Northrop Grumman is constructing four new, state-of-the-art buildings in Northern Utah as part of its recently announced expansion in the state. This $380 million capital investment will be accompanied by the creation of over 3,000 new jobs. The Northrop Grumman expansion is projected to have an economic impact in the state of $1.2 billion annually. It is on track to grow aerospace and defense employment in Utah by about 9%.

“Northern Utah is an attractive location for aerospace and defense companies due to its trained workforce, critical infrastructure and broad-based community support,” said Chris Roybal, president & CEO of the Northern Utah Economic Alliance. “With an employee base of more than 32,000 people, Utah is one of the top states in the nation for aerospace and defense employment.”

A Weapon of National Importance

Northrop Grumman’s expansion in Utah is directly tied to its U.S. Air Force contract win. In September 2020, Northrop Grumman landed the nine-year, $13.3 billion contract to engineer and manufacture a replacement for the land-based component of the U.S. nuclear triad, called Minuteman III. The effort to replace this weapon system is called the Ground Based Strategic Deterrent (GBSD) program.

The nuclear triad – a formidable trifecta of nuclear land, sea and air systems – is often referred to as the backbone of America’s national security. The two final contenders for the GBSD contract were Boeing and Northrop Grumman. Ultimately, the Northrop Grumman team demonstrated innovation and agility by applying a digital engineering approach, an innovative solution with utmost affordability to be selected by the USAF to modernize the nation’s aging intercontinental ballistic missile (ICBM).

Northrop Grumman and its heritage companies have supported, sustained and modernized the U.S. Air Force’s ICBM systems since the beginnings (1950s). A lot of this work happens at its Utah facilities. This was an advantage for Utah in the long run.

Northrop Grumman Selects Northern Utah for GBSD Program Headquarters

Winning the GBSD business was a complex site selection effort.

“The primes competing for the GBSD contract could ultimately place the program headquarters where they saw fit since the Department of Defense was location neutral,” said Colby Cooley, vice president of business development for the Economic Development Corporation of Utah. “Our state strategy was to develop incentives that any company competing for the contract could utilize. Fortunately, this aligned well with Northrop Grumman’s approach, which was focused on Utah to begin with.”

In the end, Utah’s collaborative government and business friendliness won the day.

“As the division leader that includes GBSD, I can’t think of a better place for our headquarters for this important mission than Roy, Utah. It is up the street from our Air Force customer and strategically located near our existing Northrop Grumman Utah facilities,” said Greg Manuel, Northrop Grumman vice president and general manager of the Strategic Deterrent Systems division. “Northern Utah is a great place for Northrop Grumman, and we are thankful for the support of national, state and local elected officials and staff as we continue to expand our footprint here.”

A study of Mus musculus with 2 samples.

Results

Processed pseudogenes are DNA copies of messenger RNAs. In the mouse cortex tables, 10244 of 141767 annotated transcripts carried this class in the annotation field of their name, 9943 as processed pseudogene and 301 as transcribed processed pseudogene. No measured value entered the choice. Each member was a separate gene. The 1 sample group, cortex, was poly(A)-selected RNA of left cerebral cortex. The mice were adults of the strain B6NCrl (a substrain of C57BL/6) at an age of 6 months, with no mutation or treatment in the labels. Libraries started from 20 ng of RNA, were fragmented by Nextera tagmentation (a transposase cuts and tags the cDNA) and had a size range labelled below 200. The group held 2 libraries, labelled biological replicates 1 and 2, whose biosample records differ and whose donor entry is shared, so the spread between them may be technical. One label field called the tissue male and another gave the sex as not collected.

An Aerospace and Defense Hub

The state’s burgeoning aerospace and defense industry would not be possible without the presence of Hill Air Force Base (HAFB) in Northern Utah. Being close to the base was a draw for Northrop Grumman during the site selection process.

HAFB, the second largest air force base in the nation by population and geographical size, represents over 50% of Utah’s defense sector and contributes nearly $4 billion to State GDP annually. It is the largest single-site employer in Utah and the economic cornerstone of Northern Utah.

Now, thanks to the Falcon Hill Development, companies like Northrop Grumman are able to strategically locate next to the base in the city of Roy. The Falcon Hill Aerospace Research Park is the largest Enhanced Use Lease (EUL) in the Air Force and one of the largest commercial EULs in the Department of Defense. It comprises 550 acres and almost five miles of interstate freeway frontage near the base. Currently Falcon Hill has over 1 million square feet of commercial space completed and under development.

Welcoming an Economic Boom

Utah has a history of raising the bar for innovation in the aerospace and defense industry, and Northrop Grumman will continue to be a forward-thinking industry leader as the company reimagines the nation’s most important missile system and redefines what is possible.

“This influential work is having a ripple effect across the state as Northrop Grumman’s sizable growth supports existing companies in the region and encourages new businesses to set up shop in Utah where business is booming,” said Roybal.

[Sidebar] By the Numbers: Utah’s Aerospace and Defense Industry

Utah is one of the top states in the nation for aerospace and defense with an employment base of more than 32,000 people. Companies like Northrop Grumman, Boeing , L3 Harris, Parker Hannifin, Hexcel and others call Utah home.

The industry’s rapid growth in Utah stems, in part, from the state’s business friendly climate. In 2020, Business Facilities ranked Utah’s “Business Tax Climate” as the ninth best in the nation.

Another characteristic of Utah is its well-educated workforce. Seven higher education institutions offer specialized programs in aerospace, resulting in a high concentration of aerospace engineers, materials scientists, machine operators and other aerospace-related occupations. Additionally, applied technology colleges provide a pipeline of machinists, welders and composite technicians.

With exciting things happening in its aerospace and defense industry, Utah’s future looks bright.